Why Inside Sales is a Big Growth Opportunity for Your Business

Welcome back to the third blog in our five-part series starring Alternative Apparel’s CEO, Evan Toporek! NuORDER’s CEO, Heath Wells, had the chance to (virtually) sit down with Evan and discuss sales strategy, how the retail industry is changing, inside sales as a big growth area, the importance of going digital, and strategies for successfully running an apparel brand.

In our first blog post, Heath and Evan discuss sales planning, forecasting, tracking and growth in retail. In our second blog post, they speak about what’s going on in retail today, how brands can deliver growth, and insight on trade shows. In this post, Heath and Evan continue their conversation on delivering growth, and chat about the importance of inside sales and the key qualities of a strong sales leader.

Heath: At this point, we know your thoughts on trade shows and how important the prep work is going into them if you want to see meaningful results. What other strategies do you think have helped Alternative grow into the brand it is today?

Evan: We’ve also invested tremendously in inside sales and we see that as a big growth area. We think the buyers and sales people are comfortable communicating digitally. We’ve seen tremendous growth in territories where we had no representation on the ground, just by operating here out of our headquarters with an inside sales strategy.

“We’ve also invested tremendously in inside sales and we see that as a big growth area.”

H: Wow that’s really interesting. For those of you that don’t know, inside sales usually means the rep doesn’t leave the office and is someone who is within the company. Comparatively, the other (and more expensive) one is field sales,  who actually go out and see customers in their territories.

So, I don’t know how many fashion brands or apparel brands are thinking about inside sales. How did that come about? Are you recruiting differently for that? Are they coming from apparel or other industries?

E: In our case, they came out of our customer service department. They really knew the brand and the product and they aspired to make more money. And they had a great attitude, a sales attitude to them. Something probably easier to be born with than to develop. They had the charisma and the desire to sell.

So, we invested in a CRM system and put some processes in place. We do have a lot of inbound traffic from customers that find us through our general marketing efforts and we need to convert these leads into actual loyal customers. A lot of what they’re working on is just turning around leads. And then we do collect leads at trade shows. They’ll work on that as well, but they’ll also spend time surfing around the web and looking at different new business opportunities we might have. And they’ll travel maybe twice a year, that’s it. They could go to a trade show and see some customers in their territory and they’ll plan a weeklong trip to see some customers as well. We hear from the customers they really don’t need to be bothered more than that. That’s why we’re here.

“They had a great attitude, a sales attitude to them. Something probably easier to be born with than to develop. They had the charisma and the desire to sell.”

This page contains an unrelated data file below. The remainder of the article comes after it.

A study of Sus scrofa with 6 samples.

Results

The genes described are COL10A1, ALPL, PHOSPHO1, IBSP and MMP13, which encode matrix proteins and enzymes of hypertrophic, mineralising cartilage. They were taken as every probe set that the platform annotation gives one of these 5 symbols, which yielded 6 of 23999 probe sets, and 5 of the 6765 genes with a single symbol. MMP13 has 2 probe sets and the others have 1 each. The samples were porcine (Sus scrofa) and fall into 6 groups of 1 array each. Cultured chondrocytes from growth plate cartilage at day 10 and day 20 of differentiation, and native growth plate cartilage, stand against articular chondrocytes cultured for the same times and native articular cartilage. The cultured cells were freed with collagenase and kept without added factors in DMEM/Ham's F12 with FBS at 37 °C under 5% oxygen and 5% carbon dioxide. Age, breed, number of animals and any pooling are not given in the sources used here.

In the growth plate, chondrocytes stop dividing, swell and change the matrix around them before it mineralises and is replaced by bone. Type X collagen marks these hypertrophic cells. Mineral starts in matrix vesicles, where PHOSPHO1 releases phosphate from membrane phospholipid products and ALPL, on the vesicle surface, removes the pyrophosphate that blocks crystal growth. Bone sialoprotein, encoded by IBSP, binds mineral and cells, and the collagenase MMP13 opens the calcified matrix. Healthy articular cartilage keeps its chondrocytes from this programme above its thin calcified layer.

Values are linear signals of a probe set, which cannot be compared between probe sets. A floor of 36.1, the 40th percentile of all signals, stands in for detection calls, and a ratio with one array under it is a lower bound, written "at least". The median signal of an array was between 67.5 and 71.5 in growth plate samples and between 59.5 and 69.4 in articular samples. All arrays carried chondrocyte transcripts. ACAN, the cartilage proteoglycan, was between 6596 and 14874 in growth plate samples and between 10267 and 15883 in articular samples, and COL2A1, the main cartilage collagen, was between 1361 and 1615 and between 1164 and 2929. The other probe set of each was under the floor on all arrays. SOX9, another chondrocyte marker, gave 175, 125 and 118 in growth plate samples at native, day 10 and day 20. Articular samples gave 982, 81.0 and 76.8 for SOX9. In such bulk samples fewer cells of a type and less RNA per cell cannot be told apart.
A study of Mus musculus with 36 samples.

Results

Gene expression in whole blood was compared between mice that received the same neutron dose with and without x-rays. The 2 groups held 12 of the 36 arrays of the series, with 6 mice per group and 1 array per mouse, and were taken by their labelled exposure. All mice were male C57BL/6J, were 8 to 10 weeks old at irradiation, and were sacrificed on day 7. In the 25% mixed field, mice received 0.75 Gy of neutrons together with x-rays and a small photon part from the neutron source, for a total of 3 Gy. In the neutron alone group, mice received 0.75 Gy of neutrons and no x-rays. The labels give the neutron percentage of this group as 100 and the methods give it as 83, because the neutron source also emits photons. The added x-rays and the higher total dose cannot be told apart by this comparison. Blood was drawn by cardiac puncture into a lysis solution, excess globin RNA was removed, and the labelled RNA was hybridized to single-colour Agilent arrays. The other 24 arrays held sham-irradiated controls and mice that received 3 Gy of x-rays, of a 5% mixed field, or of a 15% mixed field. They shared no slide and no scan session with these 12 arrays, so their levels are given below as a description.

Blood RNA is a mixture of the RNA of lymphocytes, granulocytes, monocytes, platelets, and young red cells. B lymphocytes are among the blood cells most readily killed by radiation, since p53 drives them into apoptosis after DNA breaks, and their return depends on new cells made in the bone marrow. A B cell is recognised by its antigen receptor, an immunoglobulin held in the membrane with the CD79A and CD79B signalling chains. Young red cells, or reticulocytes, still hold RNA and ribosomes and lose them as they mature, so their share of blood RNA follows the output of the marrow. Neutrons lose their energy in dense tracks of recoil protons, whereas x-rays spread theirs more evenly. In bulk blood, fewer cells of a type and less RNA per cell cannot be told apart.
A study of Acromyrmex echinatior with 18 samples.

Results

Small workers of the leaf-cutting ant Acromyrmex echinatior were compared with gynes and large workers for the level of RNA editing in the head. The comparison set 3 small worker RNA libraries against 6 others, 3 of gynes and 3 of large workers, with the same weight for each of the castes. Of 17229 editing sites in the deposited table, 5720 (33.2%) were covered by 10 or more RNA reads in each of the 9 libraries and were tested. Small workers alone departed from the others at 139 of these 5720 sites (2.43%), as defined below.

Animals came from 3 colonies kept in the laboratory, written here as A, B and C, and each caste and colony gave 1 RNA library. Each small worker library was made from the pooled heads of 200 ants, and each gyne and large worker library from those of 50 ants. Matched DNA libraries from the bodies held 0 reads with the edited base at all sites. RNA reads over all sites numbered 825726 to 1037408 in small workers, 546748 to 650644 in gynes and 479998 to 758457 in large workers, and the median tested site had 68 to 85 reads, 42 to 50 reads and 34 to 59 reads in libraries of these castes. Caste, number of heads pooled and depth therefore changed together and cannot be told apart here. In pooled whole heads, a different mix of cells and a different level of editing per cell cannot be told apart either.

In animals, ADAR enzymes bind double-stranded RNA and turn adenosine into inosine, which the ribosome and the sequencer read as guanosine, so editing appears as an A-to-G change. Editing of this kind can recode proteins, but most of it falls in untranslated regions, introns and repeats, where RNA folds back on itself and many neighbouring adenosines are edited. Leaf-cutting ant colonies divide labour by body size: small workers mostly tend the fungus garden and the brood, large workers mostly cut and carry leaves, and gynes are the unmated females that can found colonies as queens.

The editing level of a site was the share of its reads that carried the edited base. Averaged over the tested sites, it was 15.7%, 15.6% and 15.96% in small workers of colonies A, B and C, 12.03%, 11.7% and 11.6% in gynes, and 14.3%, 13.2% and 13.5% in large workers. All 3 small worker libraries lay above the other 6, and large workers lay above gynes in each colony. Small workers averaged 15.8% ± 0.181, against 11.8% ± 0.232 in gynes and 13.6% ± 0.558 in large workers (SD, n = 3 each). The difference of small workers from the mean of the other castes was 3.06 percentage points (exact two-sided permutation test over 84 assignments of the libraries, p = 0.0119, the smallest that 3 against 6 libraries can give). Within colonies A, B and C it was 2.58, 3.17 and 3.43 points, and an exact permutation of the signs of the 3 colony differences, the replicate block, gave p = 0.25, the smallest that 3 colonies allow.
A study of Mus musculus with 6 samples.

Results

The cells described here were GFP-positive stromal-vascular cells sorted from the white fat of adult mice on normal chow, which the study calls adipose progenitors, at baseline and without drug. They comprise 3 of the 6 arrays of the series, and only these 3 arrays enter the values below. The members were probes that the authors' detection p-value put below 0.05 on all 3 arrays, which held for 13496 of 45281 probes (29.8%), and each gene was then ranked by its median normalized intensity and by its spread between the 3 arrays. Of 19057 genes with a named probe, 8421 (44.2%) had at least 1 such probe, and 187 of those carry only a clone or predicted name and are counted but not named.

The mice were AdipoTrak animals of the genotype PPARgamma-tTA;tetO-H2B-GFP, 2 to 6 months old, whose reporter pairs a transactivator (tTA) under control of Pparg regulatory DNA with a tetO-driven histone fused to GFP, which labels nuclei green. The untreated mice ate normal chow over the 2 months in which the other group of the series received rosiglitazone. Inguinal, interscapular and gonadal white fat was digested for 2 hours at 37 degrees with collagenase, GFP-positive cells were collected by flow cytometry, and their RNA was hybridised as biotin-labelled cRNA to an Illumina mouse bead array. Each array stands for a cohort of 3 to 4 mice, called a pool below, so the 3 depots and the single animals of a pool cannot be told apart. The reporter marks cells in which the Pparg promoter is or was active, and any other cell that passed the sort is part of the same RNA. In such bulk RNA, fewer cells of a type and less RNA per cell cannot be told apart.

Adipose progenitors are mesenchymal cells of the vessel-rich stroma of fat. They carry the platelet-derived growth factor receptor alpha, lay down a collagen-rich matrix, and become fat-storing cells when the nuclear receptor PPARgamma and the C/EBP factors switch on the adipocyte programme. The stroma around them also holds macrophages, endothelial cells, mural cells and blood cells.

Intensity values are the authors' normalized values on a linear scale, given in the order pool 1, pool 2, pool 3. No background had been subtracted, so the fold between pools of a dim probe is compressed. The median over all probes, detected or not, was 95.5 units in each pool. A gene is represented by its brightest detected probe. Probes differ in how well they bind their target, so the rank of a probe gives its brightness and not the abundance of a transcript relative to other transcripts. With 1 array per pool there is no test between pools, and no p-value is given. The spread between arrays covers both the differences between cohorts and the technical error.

H: I agree. The buyers are as much strapped for time as are the sellers.

E: Let me also say this is not the death of the outside sales person. This is typically a breeding ground for someone to actually go out into the field. We have a strong outside sales force as well, but they’re using the same tools. They’re using the CRM system and they’re actually partnered with inside sales so that when an account needs to see a rep, the opportunity is handed to the outside rep to do it.

H: How do you go about recruiting a sales leader or sales manager? The person who is in charge of delivering the dollars. It’s a tough role to fill, so how do you think about that?

E: It’s not always a great sales person. In fact, I’ve had the conversation with great sales people that they might make less money if they just choose the management track. There’s two tracks, right? But some of them have the ability to be good mentors. They really need to not only be good sales people, but they need to lead by example. In a room, in a selling situation, they need to be able to show that they know how to sell. I would prefer to have a great sales person that can turn into a good sales leader versus someone that sits in their office all day and manages by process but has never closed a deal. I just don’t think that will work.

The best sales leader is someone that can inspire others. Someone that is really externally focused. They voraciously read about the industry, they travel enough, and when they’re in new cities they stay in parts of town where our stores or our customers’ stores would be. They shop stores and look for opportunities. They have to be passionate about being externally focused and research, and the most important thing is they need to be a part of our culture or profitability. It’s a bottom line job and they have to hold people accountable to hit their numbers. And they have to manage budgets to make sure we’re not this old school just wine and dine company that never shows a profit. That won’t work.

“The best sales leader is someone that can inspire others.”

Want more insight from Heath and Evan? Check out next week’s blog post when they discuss the importance of going digital.